US Secretary of State Antony Blinken and German Federal Minister for Foreign Affairs Heiko Maas visited the Memorial to the Murdered Jews of Europe on Thursday, on the 83rd anniversary of the Night of Broken Glass, pledging a stronger cooperation between their two countries on Holocaust remembrance.
Maas said a new era for the culture of remembrance begins, as soon there won’t be any living survivors and eyewitnesses to pass on their knowledge and experience, therefore new forms of remembrance have to be found. He emphasised that “We owe this to those who were murdered and to the survivors”.
Blinken, the son of American Jewish parents, thanked the survivors present at the event, for having passed on their knowledge and experience about the Holocaust. He said that the agreement between Germany and Washington will help “remind us of all that we can lose — but also to see what we can save — if we choose to stand up instead of just standing by”.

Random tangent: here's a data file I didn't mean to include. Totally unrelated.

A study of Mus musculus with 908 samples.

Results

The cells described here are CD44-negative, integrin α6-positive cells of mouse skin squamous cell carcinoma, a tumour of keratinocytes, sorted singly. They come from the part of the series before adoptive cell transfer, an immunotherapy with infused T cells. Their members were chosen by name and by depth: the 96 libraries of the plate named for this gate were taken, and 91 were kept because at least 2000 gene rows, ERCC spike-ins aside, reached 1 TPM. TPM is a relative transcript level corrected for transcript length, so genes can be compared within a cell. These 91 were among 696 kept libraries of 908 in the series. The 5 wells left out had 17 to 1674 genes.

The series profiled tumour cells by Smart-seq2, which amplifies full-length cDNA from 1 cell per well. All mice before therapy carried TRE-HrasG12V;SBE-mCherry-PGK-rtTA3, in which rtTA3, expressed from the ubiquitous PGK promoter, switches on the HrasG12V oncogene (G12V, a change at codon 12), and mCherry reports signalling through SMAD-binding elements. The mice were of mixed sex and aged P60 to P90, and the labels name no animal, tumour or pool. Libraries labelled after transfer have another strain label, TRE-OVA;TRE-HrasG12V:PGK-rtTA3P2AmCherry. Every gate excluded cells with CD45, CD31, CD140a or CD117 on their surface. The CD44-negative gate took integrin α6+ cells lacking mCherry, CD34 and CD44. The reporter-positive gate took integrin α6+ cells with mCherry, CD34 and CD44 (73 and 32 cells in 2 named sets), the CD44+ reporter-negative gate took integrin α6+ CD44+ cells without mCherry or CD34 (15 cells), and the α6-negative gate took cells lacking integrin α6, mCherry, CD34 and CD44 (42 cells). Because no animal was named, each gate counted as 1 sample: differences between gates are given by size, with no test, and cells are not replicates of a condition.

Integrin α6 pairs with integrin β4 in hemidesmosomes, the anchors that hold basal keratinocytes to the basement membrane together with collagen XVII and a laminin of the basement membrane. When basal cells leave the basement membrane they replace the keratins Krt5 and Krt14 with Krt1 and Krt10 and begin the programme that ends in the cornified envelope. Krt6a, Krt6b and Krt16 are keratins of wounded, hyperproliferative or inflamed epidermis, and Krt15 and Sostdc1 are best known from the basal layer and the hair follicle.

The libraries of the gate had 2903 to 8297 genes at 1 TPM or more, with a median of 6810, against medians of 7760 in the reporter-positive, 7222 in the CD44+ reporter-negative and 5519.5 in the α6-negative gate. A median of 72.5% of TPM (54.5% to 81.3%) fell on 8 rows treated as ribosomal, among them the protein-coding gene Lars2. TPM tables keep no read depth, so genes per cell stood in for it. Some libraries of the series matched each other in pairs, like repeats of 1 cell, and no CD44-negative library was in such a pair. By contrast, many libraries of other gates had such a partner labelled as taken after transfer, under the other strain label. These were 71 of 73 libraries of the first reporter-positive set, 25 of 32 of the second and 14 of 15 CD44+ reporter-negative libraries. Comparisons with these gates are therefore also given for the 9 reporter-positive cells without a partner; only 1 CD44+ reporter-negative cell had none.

“Our strength lies in shouldering the burden of historical responsibility — no if’s, and’s or but’s. Our strength lies in joining forces in search of the best way forward,” said Maas, referring to the German-US cooperation. He also added that he is “very pleased” to be launching the “German-American dialogue on Holocaust issues at this special place.”
Maas and Blinken also warned about the resurgence of antisemitism and racism in recent years in both of their countries, especially with the antisemitic conspiracy theories about the coronavirus.
You can read more about the history of the Night of Broken Glass on dw.com.